Wed, 22 May 2019

DUBLIN, Ireland - To provide more depth to reserve substitute teacher levels, the Irish government is to create six substitute teacher panels for schools in urban and rural areas.

The Minister for Education and Skills Joe McHugh announced the move on Monday.

North and South Dublin, Cork, Galway, Kildare and Meath are being targeted for the new initiative to provide more certainty for schools experiencing staffing shortages.The pilot scheme will see up to 18 teachers hired on full-time contracts. Each teacher will be based in one school and rotate among up to fifteen other schools as part of a substitute cluster covering both urban and rural areas with the potential for the scheme to cover 90 schools.

"The creation of substitute teacher supply panels is a direct response to staffing difficulties I’ve heard about from teachers, principals and management bodies. We are initially focusing the panels on Dublin, Galway and Cork and also the commuter belts in Kildare and Meath. These are where significant staffing pressures are being felt," McHugh said Monday.

"Much like the clustering initiative for post-primary schools to work together and share teachers in some subjects, we are now asking principals and management to put their best foot forward to make these new substitute panels work."

"Primary schools are being asked to collaborate and work together in clusters in each of the six areas. And I urge them to see this as an effective solution," the minister said.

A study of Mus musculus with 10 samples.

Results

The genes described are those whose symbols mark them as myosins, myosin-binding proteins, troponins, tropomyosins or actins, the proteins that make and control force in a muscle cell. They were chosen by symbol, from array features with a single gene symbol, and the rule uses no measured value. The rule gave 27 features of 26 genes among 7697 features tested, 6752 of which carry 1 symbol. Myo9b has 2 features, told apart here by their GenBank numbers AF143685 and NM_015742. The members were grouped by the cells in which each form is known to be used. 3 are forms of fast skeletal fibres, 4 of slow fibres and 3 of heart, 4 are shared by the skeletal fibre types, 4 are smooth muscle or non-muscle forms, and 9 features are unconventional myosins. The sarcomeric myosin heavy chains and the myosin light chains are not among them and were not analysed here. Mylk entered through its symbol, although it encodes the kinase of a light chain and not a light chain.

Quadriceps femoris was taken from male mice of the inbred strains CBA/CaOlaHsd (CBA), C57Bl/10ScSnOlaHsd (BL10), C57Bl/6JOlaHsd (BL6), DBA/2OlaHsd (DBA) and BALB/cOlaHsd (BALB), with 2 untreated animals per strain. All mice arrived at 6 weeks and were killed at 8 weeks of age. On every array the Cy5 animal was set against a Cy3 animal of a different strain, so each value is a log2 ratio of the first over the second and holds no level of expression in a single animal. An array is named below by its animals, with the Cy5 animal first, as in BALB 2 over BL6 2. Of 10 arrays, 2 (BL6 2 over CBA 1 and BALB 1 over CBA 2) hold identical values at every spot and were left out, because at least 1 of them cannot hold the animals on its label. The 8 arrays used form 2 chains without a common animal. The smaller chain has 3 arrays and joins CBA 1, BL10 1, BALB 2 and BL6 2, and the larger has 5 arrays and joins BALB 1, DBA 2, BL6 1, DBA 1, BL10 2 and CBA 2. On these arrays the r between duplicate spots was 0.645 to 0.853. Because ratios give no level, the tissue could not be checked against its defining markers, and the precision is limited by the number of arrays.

"These substitute supply panels have great potential to support schools in tackling the issue of staff shortages, to reduce administrative burden and improve access to quality, reliable substitute cover."I look forward to seeing this pilot project in action and I hope it will also deepen innovation and co-operation among schools."

Following are some fo the highlights of the pilot scheme for substitute teacher supply panels:

- Two substitute teacher supply panels will operate in Dublin along with one each in Kildare, Meath, Cork and Galway from the start of the 2019/20 school year. These are the locations that have been identified as having the greatest challenge in terms of sourcing substitute teachers.

- It is intended that each supply panel cluster will consist of 10-15 schools with two-three teachers assigned to each panel on a full-time basis.

- It is envisaged that each teacher on a panel will be employed by one school in the cluster, i.e. the base school, on a one-year full-time fixed-term contract. The teachers will be assigned to schools in the cluster to provide substitution as required.

- It is envisaged that each cluster will include a broad cross-section of school types, including rural schools. Schools will need to be reasonably close to each other in order to maximise the efficiency of the panel.

The details of the operation of the scheme, the government says, are currently being finalised with a view to ensuring that it meets the needs of the participating schools in an efficient and effective manner

The department will shortly be contacting schools in the selected locations regarding participation in the scheme.

The Substitute Teacher Supply Panels will operate on a pilot basis for one year. It will be reviewed towards the end of the 2019/20 school year to determine whether the scheme should be continued in 2020/21.